In a mess that could rival Apple’s Maps App debacle earlier this year, Facebook backpedaled on the new Instagram policy change. Instagram is a popular photo sharing service acquired by Facebook. According to the new policy, the service has the right to sell off the photos uploaded by the users to advertisers. If that wasn’t enough, the policy also stated that Instagram didn’t have to pay the users anything for the pictures they had sold.

Facebook Backpedals On Instagram Policy Change

Not surprisingly, people from around the world who use Instagram reacted strongly to it. The internet became the arena of choice for bashing the new policy change. Some of the industry experts and insiders also seized the moment to criticize this decision by Facebook as a cheap stunt to make more money. As expected, Instagram had to back down and withdraw the policy for now. They have claimed that it was a ‘big misunderstanding’ on their part.

As of now, the official word from Instagram is that they are going to go ahead with the policy change but will revise the language used to describe it. The policy is going to be implemented at the beginning of 2013 so they have only a few days in which to make the revision. What is quite surprising is that Instagram is still going to implement the policy. They have a tough job on their hands convincing users that the policy does not exploit them.

The co-founder of Instagram Kevin Systrom tried to diffuse the situation. On the service’s official blog, Systrom said that the language of the policy was the cause of the confusion. He also claimed that the service has absolutely no intentions of selling the photos which have been uploaded by users from all over the world. He commented that they are working on changing the language used and have removed the section from the terms & conditions which caused the furor.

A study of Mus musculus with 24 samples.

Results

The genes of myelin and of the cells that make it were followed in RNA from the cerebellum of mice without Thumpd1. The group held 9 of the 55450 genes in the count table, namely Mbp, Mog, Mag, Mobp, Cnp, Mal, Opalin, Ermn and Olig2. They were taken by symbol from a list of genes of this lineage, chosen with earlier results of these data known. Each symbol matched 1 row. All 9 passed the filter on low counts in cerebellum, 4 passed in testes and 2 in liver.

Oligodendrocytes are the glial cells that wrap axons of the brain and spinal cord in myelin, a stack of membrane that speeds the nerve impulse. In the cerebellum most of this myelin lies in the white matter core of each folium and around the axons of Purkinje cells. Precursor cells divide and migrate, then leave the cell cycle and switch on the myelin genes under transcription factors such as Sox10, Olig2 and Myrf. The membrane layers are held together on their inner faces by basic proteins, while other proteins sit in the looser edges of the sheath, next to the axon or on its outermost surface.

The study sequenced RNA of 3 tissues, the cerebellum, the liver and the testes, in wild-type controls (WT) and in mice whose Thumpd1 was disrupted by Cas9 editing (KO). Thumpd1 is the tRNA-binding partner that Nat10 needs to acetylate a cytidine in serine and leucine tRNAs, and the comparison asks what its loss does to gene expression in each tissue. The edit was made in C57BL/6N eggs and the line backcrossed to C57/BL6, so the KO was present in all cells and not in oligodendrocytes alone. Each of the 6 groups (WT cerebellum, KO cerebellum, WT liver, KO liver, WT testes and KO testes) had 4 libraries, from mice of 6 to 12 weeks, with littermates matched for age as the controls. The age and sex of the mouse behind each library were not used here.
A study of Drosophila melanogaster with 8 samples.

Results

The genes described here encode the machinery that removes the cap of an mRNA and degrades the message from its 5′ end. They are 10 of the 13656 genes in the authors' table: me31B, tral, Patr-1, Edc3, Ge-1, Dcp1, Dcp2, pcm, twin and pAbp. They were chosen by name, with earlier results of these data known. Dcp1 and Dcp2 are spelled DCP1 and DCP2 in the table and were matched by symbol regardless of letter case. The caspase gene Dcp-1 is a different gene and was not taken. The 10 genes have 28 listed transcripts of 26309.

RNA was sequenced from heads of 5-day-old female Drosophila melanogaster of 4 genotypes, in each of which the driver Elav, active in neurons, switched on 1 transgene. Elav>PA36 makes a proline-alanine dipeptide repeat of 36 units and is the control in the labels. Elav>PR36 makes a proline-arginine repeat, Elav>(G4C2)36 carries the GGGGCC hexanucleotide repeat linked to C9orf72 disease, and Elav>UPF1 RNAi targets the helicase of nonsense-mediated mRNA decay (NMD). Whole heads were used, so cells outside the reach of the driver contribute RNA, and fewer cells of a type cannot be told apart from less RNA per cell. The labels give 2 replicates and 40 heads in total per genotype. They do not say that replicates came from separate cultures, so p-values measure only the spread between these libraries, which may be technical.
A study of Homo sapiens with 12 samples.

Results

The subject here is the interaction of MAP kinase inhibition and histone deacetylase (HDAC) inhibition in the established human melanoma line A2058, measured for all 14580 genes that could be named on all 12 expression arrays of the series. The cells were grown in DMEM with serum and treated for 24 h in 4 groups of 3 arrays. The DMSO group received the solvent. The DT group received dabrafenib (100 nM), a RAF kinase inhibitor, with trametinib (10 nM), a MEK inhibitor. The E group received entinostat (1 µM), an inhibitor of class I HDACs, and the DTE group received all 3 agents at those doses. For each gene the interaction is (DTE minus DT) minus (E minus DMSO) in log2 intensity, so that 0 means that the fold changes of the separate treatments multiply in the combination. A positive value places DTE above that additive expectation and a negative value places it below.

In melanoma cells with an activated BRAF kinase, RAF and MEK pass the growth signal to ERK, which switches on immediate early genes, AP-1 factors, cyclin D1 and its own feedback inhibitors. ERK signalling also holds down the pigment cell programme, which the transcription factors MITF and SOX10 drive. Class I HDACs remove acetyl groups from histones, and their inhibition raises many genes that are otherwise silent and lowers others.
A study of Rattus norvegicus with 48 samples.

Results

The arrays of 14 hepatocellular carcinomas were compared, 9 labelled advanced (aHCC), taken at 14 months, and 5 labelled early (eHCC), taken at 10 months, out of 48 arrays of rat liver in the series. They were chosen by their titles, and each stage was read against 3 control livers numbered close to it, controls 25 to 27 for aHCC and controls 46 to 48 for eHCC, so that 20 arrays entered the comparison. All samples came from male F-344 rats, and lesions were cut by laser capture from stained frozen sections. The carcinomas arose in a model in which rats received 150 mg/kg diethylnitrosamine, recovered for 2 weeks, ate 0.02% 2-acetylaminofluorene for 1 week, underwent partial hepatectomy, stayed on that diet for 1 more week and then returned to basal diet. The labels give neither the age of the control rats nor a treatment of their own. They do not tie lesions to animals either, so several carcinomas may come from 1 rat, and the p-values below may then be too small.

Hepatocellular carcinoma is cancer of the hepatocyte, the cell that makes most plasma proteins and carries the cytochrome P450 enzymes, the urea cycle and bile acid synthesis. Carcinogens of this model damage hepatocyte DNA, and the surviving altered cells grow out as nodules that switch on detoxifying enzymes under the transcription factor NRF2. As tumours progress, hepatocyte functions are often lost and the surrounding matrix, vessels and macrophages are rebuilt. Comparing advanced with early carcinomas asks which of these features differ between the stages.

At the same time, one should not forget the scale of the issue. People from all over the world, including some well-known people and celebrities had expressed their distaste for the new policy. Yet, Instagram thought that none of their august officials should step forward and apologize in public for it. A blog post is perhaps the most convenient option as they didn’t have to face anyone. The Apple CEO had issued a public apology after the maps mess earlier this year.

The blog post further clarified what the service is going to do. They are going to take the user photos and actions performed by the users to create ads for businesses. This is similar to what happens on Facebook when a page you like shows up in your friends’ sidebar. It is a means of promoting the business for which the service will receive cash from the business. The bottom-line is that Instagram may not be selling the photos directly but is going to make money off them.

With the outrage the policy change has caused, it would have been more appropriate for Kevin Systrom to come on TV and apologize. The users are not going to be satisfied with a blog post.